By Ethan Smith, Sports Editor
The 2018 Winter Olympic Games in PyeongChang, South Korea have officially come to a close. With these Olympics came joy, excitement, controversy, sadness and a joying of intense competition.
As for the United States, these Olympics got off to a very slow start, but they picked up the pace as the Olympics continued. Jamie Anderson would pick up the first United States gold medal inthe Ladies’ Slopestyle on Feb 12. She would also win another gold medal in the Ladies’ Big Air competition on Feb 22.
One of the biggest stories of the Winter Olympic games this year was Chloe Kim. At the age of 17, Kim became the youngest woman to ever win an Olympic snowboarding medal at the Olympics. The big story behind Kim’s victory is that she was just as good to compete in the Sochi Olympic Games, but she was unable to compete due to her very young age, even though she did compete in other events. The gold medal victory was also special due to her roots from South Korea, so it was an overall memorable win for Kim, and most likely the first of many.
Snowboarder Redmond Gerrard would follow suit by winning another Olympic gold for the US. Gerrard, another 17-year-old sensation, finished 1st in the Men’s Slopestyle and 5th in Men’s Big Air. The story behind his win is quite hilarious, because Gerrard almost overslept the morning before because he stayed up too late the night before. Gerrard joined Kim by becoming the youngest male snowboarder to ever win a gold medal at the age of 17.
Superstar Shaun White would once again wow the Olympic audience pulling off another gold medal victory, but it didn’t come without controversy. White was pried with questions about his sexual allegations from 2016, and White declined any questions about the allegations, “Honestly, I’m here to talk about the Olympics, not gossip and stuff.”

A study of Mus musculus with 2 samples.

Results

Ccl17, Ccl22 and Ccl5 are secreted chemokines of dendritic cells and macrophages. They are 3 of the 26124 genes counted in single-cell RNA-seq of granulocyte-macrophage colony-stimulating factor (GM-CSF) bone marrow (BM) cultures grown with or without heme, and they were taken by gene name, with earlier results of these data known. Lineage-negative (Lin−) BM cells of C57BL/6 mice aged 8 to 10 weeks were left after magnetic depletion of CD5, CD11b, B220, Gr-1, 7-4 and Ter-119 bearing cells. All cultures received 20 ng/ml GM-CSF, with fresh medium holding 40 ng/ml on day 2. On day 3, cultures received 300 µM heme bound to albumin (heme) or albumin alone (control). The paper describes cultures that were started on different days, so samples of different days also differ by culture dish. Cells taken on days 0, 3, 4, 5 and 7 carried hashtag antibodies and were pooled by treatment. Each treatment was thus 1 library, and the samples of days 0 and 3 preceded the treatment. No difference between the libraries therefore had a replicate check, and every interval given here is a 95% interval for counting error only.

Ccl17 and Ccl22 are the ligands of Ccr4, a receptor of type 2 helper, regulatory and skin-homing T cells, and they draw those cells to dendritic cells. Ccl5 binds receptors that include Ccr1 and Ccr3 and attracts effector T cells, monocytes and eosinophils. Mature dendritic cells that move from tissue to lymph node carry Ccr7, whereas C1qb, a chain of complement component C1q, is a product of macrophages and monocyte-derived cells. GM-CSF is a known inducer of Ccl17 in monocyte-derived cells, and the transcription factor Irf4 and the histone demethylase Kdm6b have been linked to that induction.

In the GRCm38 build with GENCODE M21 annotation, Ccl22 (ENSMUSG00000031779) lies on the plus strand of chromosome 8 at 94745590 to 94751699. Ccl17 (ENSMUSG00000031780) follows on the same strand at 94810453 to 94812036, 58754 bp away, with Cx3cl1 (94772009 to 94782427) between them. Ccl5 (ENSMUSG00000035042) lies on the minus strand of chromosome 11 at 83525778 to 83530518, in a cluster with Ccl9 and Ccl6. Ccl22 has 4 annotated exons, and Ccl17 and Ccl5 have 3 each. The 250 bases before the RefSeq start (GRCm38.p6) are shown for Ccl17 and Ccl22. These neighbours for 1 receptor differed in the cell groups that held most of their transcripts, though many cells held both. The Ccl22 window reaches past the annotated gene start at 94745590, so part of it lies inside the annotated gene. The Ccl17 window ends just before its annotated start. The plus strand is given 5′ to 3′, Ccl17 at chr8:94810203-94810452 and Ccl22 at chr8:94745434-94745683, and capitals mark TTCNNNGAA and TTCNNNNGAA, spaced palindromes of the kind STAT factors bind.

22-year-old skier Mikaela Shiffrin would pick up a gold and a silver medal for the United States in impressive fashion. This was already her second Olympic Games, and she will soon follow with more medals to come.
Arguably the biggest wins of all for the United States came from the Women’s National Hockey team and the Men’s Curling team. Canada has dominant in Women’s Olympic hockey since it first began in 1998. The United States won the 1998 Women’s Hockey Tournament in Nagano, Japan, but after that the Canadians dominated the sport, not losing one game, until this year. After losing 3-2 to Canada earlier in the tournament, the American women would meet the Canadians again in the final, and it was a spectacular game that would end in the United States snapping Canada’s streak via shootout. The women celebrated after years of coming so close, and they are finally on top for another 4 years.
The United States Men’s Curling team picked up their first gold medal in Olympic history, something that will be remembered by fans of the sport and Americans for years to come. Lindsey Vonn, now 33 years old would come back to the Olympic Games, likely her last and pick up a bronze medal after being out of competitive action for years after blowing out her right knee and tearing her ACL. She also won the medal after the death of her grandfather, who was one of her biggest supporters and always loved seeing her compete, and she dedicated the victory to him in likely her final Olympic appearance.
As for overall medal count, the United States finished fourth overall with 23 medals, 9 of which were gold. Norway led the way with 39 medals, followed by Germany with 31 medals and Canada with 29. The leading individual with the most medal for themselves was Norway’s Marit Bjoergen, who had 5 medals, 2 of which were gold. As for these Olympics as a whole, they were very successful. There was rarely outside controversy and each sport was very competitive. For those wondering, the next Winter Olympic Games will take place in Beijing in 2022. So, say goodbye to PyeongChang and hello to Beijing. Go Team USA and thanks for the memories.